My late wife endured a brutal chemotherapy regimen during her voyage with cancer, navigated by a compassionate staff of devoted nurses and technicians overwhelmed by an ocean of patients. Each week we’d enter the infusion room and wonder, Who doesn’t have cancer?

On one occasion, I overheard a nurse speaking with a patient just finishing her regimen, asking her how she planned to get home. Chemotherapy exhausts your whole body and mind, so patients need to arrange rides from family or friends for safety and comfort’s sake. The weakened patient replied she had no one to drive her and no money for a taxi or Uber, so she planned to take the bus. The nurse, nonplussed, pressed her for other options, but the patient demurred. She’d make do the best she could.

The pastor in me wanted to pivot and assist, but I didn’t have any cash on me and couldn’t abandon my own beloved. Didn’t the oncology center have travel vouchers? Weren’t volunteer systems or agencies available to come alongside cancer patients in dire situations? If so, the nurse didn’t mention any. I helplessly prayed, so wanting to do more, as the poor woman wobbled from the infusion room.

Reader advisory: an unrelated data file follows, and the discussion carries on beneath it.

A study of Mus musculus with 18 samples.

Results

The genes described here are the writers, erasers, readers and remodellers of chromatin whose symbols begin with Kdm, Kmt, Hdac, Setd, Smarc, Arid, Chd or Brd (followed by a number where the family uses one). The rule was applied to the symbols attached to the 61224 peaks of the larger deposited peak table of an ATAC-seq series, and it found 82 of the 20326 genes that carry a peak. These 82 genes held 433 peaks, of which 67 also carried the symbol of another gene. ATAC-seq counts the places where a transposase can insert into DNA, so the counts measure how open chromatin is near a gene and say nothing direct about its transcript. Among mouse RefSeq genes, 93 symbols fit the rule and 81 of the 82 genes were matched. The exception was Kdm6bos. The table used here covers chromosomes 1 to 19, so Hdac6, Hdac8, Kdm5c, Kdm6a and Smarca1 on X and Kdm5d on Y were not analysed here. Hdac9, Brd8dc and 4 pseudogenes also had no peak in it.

The costs of health care are staggering. I was blessed with ample insurance, so mind-boggling bills weightily descended upon me daily, only to then evaporate with my coverage into the ether. Economics, along with autonomy and availability, drives most every health care decision. Politics frame our decisions in binary terms of either human rights or consumer preferences. Health care policy features in every election cycle. Theologically, nothing transforms one’s prayer life like illness. Jesus cures some disease, but not all, pointing everyone instead toward the ultimate cure only resurrection provides.

In the meantime, Christians wrestle with ethics and earthbound economics. In this issue, Liuan Huska explores Christian responses and solutions to the morass of medicinal policy in America—from Obamacare and employer-based options to health care sharing ministries that try to pool faithful communities together to access care while controlling costs.

Among the chief Christian virtues is concern for the sick beyond ourselves and our own loved ones, and love for our neighbors and enemies. Huska challenges Christians to recapture a vision we once had for health care that contributes to shalom, the well-being of all society, not merely to our own good. Amid an oceanic pandemic, economic upheaval, turbulent politics, and sickening anxiety, we need calmed seas more than ever.

Daniel Harrell is editor in chief of Christianity Today. Follow him on Twitter @DanlHarrell.